White Ibis - Field Marks

J.N. "Ding" Darling National Wildlife Refuge in Florida is one of the best places in the United States to see, and photograph, long-legged wading birds in winter. Of the 16 species of long-legged wading birds that can be seen there, the White Ibis is one of the most common.

White Ibis
Eudocimus albus

One of the most numerous wading birds in Florida, and common elsewhere in the southeast. Highly sociable at all seasons, roosting and feeding in flocks, nesting in large colonies. White Ibises fly in lines or V-formations, with several quick flaps followed by a short glide. When groups wade through shallows, probing with their long bills, other wading birds such as egrets may follow them to catch prey stirred up by the ibises.

Field Marks
Note the red face, long decurved red bill, and restricted black wingtips. Immature is dark brownish; note the white belly, white rump, curved red bill. In flight, the neck is outstretched; flocks fly in strings, flapping and gliding; often soar in circles.

22-27" (55-68 cm)

Similar Species
(1) Wood Stork is larger, with much more black. (2) Immature Glossy differs from immature White Ibis by uniform dark appearance with a dark bill. (3) Immature could be mistaken for Tricolored Heron except for the bill.

Southeastern United States to northern South America. Summer dispersal north to dash line.

White Ibis - Range Map

Present throughout year in most of breeding range, but numbers are much lower in winter in northern areas; banded birds from United States have been recovered in Mexico, Cuba, northern South America. May wander far north and inland after breeding season.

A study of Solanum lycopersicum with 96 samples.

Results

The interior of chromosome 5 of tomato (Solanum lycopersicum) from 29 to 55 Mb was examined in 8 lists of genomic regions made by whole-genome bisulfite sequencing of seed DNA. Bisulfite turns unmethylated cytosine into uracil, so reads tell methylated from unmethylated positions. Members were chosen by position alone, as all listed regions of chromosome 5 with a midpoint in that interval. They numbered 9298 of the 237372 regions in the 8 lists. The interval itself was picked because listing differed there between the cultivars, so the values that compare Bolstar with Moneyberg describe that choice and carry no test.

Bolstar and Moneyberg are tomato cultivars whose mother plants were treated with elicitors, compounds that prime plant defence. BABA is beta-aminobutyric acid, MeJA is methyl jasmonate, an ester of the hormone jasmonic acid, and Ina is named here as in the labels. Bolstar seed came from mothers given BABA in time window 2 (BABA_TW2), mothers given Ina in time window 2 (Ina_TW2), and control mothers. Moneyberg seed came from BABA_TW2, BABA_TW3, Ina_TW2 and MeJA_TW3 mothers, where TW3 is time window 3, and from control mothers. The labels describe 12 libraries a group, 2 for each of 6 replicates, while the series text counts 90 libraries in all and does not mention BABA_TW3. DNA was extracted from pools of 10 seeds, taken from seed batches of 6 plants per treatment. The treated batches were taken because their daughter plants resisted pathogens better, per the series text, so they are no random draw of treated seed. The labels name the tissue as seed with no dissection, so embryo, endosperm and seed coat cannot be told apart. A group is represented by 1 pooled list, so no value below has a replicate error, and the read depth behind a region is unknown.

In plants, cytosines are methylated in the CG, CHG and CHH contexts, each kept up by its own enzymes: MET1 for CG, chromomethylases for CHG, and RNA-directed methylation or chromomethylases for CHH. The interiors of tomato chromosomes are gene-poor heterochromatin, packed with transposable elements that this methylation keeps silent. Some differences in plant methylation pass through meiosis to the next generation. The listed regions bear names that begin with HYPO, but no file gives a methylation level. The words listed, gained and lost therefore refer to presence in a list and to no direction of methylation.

Salt, brackish, and fresh marshes, rice fields, mangroves. May forage in any kind of shallow water, commonly flying to feed in fresh water even in coastal regions. Foraging sites include marshes, mudflats, flooded pastures, lake edges, mangrove lagoons, grassy fields. Nests in mangroves, trees in swamps, dense thickets, sometimes on ground on islands or in marshes.

Diet: Varied; includes many crustaceans. Diet is quite variable, but crayfish and crabs are major items. Also eats insects, snails, frogs, marine worms, snakes, small fish.

Behavior: Forages by walking slowly in shallow water, sweeping bill from side to side and probing at bottom. Also forages on land, especially on mud or in short grass. Finds food by touch while probing, by sight at other times, seizing items from surface. White Ibises may steal food from each other and, in turn, have food stolen from them by larger species.

Breeds in colonies, sometimes mixed with other wading birds. Displays of male include ritualized preening, leaning over and grasping twig in bill, pointing bill skyward and lowering head onto back.

Nest: Sites in mangroves, trees, and thickets, usually 2-15' above ground or water, sometimes higher or on ground. Nest built by both sexes, male bringing most material, female doing most of building. Material often stolen from nests of other pairs. Nest is usually platform of sticks, sometimes of cordgrass or reeds.

Eggs: 2-3, up to 5. Pale blue-green to white, blotched with brown. Incubation is by both sexes, averages 21 days.

Young: Both parents feed young, by regurgitation. Young may clamber about near nest after 3 weeks, can make short flights after 4-5 weeks, capable of sustained flight at 6 weeks, may leave colony to forage with adults after 7 weeks.

Florida population much lower than historical levels. Total range in United States has increased somewhat, with northward spread on Atlantic Coast. Vulnerable to loss of feeding and nesting habitat.